515 Orr Drive
208 Tucker Hall
Tallahassee, Florida 32307

A Single Bracelet Does Not Jingle: Recent Donations of African Art to the Visual Arts Collection” 

Exhibition on view:

October 10 - December 8, 2017

Foster-Tanner Fine Arts Gallery


Local artist/curator Perdita Ross taught and worked with students in a recent collaborative project “Funky Form: A Collaborative Project Inspired by the African Art Collection” as part of Florida Agricultural and Mechanical University’s (FAMU) Visual Arts ARTalks Series on Wednesday, October 25th. With more than 45 students participating; it was the most-attended ARTalks event to date.

According to Ross, “It was a good workshop, and I thought the students made some really great work from the recycled materials we collected.”

Learning-based projects like Ross’s ARTalk surround the ongoing exhibition entitled A Single Bracelet Does Not Jingle: Recent Donations of African Art to the Visual Arts Collection,” at FAMU’s Foster-Tanner Fine Arts Gallery through December 8th.  Projects, tours and research conducted by and for FAMU students blend in with the exhibition’s theme of community.

Open to the public, the exhibition features the Visual Arts Program’s receipt of 155 works of African art donated by the Samuel P. Harn Museum of Art at the University of Florida. Curated by Dr. Courtnay Micots, Assistant Professor of Art History this exhibition incorporates research by students in Micots’s African Art History course and Foster-Tanner Fine Art Gallery interns. The student projects from Ross’s ARTalk are also on display on the lower level of the gallery for everyone to enjoy.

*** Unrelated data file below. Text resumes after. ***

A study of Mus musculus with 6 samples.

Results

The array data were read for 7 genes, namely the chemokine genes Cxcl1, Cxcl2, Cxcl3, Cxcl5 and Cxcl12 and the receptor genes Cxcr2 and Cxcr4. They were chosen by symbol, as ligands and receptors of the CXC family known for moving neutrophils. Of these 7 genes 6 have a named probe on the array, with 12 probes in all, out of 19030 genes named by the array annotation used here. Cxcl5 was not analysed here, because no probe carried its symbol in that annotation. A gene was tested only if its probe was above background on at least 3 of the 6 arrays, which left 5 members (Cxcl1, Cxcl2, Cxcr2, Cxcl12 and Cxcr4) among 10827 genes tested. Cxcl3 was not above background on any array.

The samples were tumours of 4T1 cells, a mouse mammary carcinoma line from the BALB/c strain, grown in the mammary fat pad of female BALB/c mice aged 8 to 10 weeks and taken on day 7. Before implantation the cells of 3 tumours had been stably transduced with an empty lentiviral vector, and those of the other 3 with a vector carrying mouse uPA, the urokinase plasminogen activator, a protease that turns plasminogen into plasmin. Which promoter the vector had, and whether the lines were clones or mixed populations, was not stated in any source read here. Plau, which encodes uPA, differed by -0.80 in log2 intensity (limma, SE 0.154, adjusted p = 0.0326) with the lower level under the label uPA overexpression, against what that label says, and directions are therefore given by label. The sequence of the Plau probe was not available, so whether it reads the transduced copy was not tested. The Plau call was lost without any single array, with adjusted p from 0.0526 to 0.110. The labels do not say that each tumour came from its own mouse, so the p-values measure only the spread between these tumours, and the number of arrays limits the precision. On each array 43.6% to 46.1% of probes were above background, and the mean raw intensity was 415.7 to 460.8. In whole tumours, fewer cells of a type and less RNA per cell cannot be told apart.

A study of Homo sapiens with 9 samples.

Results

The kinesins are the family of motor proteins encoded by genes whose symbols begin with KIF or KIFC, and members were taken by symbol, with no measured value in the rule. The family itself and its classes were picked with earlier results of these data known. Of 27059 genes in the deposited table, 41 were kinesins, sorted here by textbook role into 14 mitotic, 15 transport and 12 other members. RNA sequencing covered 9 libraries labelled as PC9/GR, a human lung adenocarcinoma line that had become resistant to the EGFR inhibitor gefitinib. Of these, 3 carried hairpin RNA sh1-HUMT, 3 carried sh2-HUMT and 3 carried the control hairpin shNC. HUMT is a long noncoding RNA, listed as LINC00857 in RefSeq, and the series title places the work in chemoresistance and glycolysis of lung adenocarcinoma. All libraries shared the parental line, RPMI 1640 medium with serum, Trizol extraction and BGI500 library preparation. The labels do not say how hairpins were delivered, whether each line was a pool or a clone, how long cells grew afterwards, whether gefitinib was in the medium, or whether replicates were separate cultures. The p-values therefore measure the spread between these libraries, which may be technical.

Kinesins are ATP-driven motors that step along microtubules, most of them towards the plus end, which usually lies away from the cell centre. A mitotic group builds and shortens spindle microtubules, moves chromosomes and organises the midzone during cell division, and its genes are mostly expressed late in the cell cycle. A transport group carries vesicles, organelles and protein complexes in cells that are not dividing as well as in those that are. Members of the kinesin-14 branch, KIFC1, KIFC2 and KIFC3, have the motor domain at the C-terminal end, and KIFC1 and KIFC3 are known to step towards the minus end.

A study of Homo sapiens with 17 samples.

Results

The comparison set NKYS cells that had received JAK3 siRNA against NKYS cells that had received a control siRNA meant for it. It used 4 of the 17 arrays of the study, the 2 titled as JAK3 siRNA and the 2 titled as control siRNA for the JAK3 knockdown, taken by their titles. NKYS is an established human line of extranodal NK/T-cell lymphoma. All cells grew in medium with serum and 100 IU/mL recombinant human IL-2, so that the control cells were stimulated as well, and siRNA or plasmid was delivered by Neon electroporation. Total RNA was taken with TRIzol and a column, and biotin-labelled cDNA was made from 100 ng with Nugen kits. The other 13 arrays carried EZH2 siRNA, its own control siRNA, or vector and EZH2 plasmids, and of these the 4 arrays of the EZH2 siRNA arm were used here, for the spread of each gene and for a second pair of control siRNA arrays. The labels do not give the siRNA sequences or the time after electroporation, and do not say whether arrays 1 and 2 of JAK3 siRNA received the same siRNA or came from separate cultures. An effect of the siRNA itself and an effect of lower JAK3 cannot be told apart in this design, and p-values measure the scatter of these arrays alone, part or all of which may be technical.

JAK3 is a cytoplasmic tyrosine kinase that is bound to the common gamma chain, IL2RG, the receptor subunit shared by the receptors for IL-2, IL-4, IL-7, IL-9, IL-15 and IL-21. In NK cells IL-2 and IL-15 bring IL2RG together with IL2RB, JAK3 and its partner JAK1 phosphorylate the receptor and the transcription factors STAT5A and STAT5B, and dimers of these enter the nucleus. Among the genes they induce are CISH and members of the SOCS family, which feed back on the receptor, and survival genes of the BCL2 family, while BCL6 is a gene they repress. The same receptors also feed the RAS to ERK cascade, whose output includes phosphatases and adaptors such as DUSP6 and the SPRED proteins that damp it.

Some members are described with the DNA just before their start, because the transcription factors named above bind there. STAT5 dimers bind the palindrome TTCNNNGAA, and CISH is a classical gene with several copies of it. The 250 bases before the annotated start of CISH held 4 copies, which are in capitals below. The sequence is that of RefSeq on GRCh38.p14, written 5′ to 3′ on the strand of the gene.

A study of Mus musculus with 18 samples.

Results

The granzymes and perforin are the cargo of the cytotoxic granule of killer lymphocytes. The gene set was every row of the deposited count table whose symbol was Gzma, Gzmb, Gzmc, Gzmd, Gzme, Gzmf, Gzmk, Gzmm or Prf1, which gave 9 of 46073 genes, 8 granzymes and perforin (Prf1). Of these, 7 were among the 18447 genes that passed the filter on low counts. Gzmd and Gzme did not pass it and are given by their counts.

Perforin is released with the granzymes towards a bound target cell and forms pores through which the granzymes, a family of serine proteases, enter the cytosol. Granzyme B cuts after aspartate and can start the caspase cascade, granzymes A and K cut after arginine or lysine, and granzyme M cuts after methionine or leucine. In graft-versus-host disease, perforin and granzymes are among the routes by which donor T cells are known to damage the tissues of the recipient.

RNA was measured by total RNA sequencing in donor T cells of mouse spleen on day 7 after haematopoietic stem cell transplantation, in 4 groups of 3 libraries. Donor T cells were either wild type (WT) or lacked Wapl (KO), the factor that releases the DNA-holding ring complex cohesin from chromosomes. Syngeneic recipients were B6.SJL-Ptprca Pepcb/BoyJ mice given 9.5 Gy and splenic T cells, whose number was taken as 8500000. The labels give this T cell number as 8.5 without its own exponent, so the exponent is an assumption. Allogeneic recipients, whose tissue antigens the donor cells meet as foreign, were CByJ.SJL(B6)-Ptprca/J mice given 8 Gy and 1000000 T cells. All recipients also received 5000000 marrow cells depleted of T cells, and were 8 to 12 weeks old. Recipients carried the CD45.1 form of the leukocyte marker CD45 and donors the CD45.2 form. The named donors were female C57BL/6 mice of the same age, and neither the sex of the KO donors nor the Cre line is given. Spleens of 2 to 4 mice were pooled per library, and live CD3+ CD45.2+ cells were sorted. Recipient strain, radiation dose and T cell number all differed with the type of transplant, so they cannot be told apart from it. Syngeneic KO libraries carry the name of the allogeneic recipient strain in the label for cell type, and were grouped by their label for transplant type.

The exhibition features a variety of media, forms and cultures from throughout the continent. Art often serves a social, political or religious role within African communities and these roles will be explained in extensive didactic labels. Exhibition highlights include works from the late 19th to 20th century from Ethiopia, Ghana, Nigeria, Cameroon and the Democratic Republic of Congo. Contemporary Ghanaian work will also be included, such as colorful textiles, paintings by Kwame Akoto, Fancy Dress masquerade masks, and cutting-edge performance art presented in two videos by Va-Bene Elikem Fiatsi.

This exhibition is part of an ongoing effort to showcase its growing collection of African and Diaspora Arts with the Tallahassee community. The gallery gratefully borrowed from departments on campus and other city institutions. The Visual Arts program is self-sustaining and continues to provide exhibitions and programs for students through generous donations.

Gallery hours are Mondays to Fridays from 10:00 am to 4:00 pm and Saturdays from 1:00 to 4:00 pm, excepting holidays. Exhibition group tours given by designated Visual Arts students will be offered by appointment. Donations for tours are requested to offset the cost of the exhibition, to manage the care and maintenance of the collection, and to sponsor future student interaction with the collection through educational programming. Suggested tour donations are $1 per person in the group.

The Foster-Tanner Fine Arts Gallery is located on the campus of Florida A&M University at 1630 Pinder Street in Tallahassee, Florida.  Metered parking for the gallery is available on Wahnish Way between Gamble and Osceola Streets.

For more information, contact us at fostertannergallery@famu.edu or (850) 599-8755.